Last year, 413 suicides were reported in San Diego County – a record number for the region. They all had one thing in common: each was preventable.
Given these statistics, County officials joined mental health providers and local higher education officials on Friday to remind the public that knowing the warning signs of suicide can help save someone’s life.
September 8 – 14 is National Suicide Prevention Week, a perfect time to raise awareness about this important public health issue and to learn what you can do to prevent suicide.
At a Friday event supporting the effort, San Diego County Supervisor Ron Roberts became emotional as he recalled being told that his own father had taken his life.
“I know the personal scars that you carry,” Roberts said.
“Suicide is doubly tragic because of the lives lost and the emotional heartbreak to family members and other loved ones,” Roberts said. “To some, suicide may seem to be the only solution to their problems. It is not. Help is available for anyone considering ending their lives, and it is there 24/7 with a visit to the It’s Up to Us website or by calling (888) 724-7240.”
Knowing how to recognize the warning signs and where to get help can make the difference between life and death.
Most people who attempt or die by suicide showed one or more warning signs prior to the suicide attempt.
People think about suicide due to feelings of hopelessness or powerlessness. These individuals may have recently experienced the loss of a job or loved one, ended a relationship, or lost their home.
Some warning signs of suicide include:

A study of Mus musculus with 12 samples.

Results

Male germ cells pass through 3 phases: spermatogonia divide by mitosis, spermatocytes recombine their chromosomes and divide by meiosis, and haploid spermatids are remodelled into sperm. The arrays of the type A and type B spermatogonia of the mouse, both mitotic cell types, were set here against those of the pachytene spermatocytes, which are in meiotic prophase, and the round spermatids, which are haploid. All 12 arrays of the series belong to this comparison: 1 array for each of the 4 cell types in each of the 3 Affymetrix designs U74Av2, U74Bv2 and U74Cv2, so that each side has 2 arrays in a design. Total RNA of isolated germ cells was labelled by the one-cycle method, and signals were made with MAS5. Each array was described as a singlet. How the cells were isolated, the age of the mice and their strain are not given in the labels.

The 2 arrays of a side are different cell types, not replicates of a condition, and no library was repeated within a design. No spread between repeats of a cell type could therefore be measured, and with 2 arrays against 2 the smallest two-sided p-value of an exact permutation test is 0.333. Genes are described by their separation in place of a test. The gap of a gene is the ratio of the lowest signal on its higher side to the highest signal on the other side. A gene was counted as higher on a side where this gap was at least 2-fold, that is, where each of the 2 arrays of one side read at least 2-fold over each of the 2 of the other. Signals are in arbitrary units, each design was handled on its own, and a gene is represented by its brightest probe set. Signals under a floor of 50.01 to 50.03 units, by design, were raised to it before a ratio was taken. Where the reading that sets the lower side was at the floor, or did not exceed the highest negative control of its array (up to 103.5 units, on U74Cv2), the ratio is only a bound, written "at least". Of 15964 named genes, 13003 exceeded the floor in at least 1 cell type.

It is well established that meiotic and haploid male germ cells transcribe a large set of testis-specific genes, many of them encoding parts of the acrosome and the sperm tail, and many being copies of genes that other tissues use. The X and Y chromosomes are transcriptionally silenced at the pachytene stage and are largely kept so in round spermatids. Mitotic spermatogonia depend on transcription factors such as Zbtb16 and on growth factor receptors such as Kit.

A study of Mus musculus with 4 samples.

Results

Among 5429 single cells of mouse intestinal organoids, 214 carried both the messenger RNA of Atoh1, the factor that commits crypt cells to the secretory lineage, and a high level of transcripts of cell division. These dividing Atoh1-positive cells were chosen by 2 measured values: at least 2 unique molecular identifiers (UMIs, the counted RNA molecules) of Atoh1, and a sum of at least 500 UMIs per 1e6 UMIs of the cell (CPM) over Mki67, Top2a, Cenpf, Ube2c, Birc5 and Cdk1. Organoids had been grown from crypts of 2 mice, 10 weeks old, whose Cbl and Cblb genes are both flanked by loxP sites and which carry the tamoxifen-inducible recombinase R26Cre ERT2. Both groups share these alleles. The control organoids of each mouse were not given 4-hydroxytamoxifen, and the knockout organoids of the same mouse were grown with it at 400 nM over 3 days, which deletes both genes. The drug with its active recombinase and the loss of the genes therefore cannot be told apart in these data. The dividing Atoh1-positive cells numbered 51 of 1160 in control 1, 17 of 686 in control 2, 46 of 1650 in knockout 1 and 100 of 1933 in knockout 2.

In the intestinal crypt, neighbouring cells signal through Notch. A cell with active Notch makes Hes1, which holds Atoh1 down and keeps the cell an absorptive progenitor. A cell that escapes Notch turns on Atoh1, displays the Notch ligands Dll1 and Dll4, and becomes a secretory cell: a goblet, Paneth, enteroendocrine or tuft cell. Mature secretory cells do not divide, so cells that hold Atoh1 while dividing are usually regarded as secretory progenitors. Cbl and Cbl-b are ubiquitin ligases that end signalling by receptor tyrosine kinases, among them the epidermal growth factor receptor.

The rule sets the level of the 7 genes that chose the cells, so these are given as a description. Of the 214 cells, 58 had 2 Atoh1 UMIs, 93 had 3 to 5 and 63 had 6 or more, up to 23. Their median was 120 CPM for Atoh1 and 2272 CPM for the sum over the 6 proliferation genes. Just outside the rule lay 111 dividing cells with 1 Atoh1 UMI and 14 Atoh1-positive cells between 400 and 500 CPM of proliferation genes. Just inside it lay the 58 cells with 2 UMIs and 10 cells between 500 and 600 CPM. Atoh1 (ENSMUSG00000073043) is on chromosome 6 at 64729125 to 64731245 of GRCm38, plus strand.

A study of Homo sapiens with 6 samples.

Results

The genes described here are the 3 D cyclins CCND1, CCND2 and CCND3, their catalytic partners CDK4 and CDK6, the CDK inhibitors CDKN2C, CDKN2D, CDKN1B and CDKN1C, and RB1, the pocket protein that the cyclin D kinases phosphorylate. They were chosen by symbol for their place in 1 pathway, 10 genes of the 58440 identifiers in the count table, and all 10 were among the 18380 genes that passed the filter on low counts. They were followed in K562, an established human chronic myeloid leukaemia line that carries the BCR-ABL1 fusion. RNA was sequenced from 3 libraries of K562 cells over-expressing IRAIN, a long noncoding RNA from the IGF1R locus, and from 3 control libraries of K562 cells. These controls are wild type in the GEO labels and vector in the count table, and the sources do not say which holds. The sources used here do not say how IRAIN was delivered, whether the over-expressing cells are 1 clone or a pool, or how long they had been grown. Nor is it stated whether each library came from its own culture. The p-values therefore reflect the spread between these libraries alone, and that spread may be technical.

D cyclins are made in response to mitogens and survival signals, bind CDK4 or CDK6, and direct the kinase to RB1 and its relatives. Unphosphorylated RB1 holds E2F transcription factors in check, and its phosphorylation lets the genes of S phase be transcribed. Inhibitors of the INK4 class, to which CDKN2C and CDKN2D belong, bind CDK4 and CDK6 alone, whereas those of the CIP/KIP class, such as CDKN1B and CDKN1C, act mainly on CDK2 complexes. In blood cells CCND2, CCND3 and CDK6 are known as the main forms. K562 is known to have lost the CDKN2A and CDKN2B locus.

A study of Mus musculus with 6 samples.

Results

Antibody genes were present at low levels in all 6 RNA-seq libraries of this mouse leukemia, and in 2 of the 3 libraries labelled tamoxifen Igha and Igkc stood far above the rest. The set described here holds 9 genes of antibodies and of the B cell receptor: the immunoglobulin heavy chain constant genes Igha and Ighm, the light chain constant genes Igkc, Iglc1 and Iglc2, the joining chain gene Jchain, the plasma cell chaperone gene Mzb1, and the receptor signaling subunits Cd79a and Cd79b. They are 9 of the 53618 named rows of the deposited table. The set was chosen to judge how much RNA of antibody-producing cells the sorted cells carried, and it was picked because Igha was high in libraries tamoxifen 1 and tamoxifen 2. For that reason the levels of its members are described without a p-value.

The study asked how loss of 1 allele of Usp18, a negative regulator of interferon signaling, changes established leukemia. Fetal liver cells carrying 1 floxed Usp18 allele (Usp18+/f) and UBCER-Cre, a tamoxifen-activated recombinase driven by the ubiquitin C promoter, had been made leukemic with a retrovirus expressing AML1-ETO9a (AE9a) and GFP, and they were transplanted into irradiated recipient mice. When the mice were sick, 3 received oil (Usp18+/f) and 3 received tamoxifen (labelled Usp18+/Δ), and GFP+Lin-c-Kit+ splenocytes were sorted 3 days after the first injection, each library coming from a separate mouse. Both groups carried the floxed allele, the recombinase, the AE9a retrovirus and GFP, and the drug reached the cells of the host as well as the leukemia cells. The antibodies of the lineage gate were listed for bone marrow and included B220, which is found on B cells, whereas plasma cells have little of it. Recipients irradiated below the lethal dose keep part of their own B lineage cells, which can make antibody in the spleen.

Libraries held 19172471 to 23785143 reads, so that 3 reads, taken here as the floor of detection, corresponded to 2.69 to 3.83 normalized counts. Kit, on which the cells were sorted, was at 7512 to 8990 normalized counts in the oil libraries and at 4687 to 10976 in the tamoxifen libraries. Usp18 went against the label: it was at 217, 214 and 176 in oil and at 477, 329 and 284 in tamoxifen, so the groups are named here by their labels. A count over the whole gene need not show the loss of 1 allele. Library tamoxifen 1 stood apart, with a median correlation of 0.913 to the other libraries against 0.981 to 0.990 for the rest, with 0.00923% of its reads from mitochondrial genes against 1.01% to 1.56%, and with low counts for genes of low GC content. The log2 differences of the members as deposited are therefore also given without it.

- Talking of hurting or killing oneself
- Divorce, separation, stress on family
- Loss of health
- Loss of job, home, personal security
- Increased alcohol or drug use
- Isolation from family and friends
- Daring or risk-taking behavior
Mental health experts believe that for every suicide, six other people who were close to the victim suffer lasting emotional trauma.
“Recognizing the warning signs of suicide is key to preventing someone from ending their life,” said Nick Macchione, director of the County Health and Human Services Agency. “Suicide can be prevented. It’s important to know the warning signs and how to assist a suicidal person.”
The County launched the It’s Up to Us campaign in 2010 to prevent suicide by raising awareness about the warning signs. The County is also supporting the Not On My Watch campaign taking place at San Diego State University and several other colleges and universities, including UC San Diego, the University of San Diego, San Diego City College, Mira Costa College, Grossmont College and California State University at San Marcos.
As part of the campaign, student leaders are being trained to recognize the warning signs of suicide and to identify support services available at each campus.
“As part of our campaign to prevent suicide at SDSU, we are joining with other local universities to bring information and resources to the college students of San Diego during the upcoming suicide prevention week,” said Marilyn Newhoff, dean, College of Health and Human Services, San Diego State University. “With increased knowledge of warning signs and resources, our goal is for our students to become active participants in the prevention of suicide.”
So what should you do when a person asks for help? If the person is in immediate danger, call 9-1-1.
You should also:
- Take it seriously
- Listen; suicidal behavior is a call for help
- Give and get help right away
- Don’t leave the person alone
- Refer the person to professional help
Suicide prevention is an important component of Live Well, San Diego, the County’s ongoing initiative to improve the health and wellbeing of local residents.
The County offers a suicide prevention training at no cost. The Question, Persuade and Refer training is equivalent to a CPR course to teach people how to recognize the warning signs of suicide and save a life.
For more information about suicide, risk factors, warning signs, how to get help, resources and training that is available, visit It’s Up to Us.
Help is also available at the County’s Access and Crisis Line at (888) 724-7240.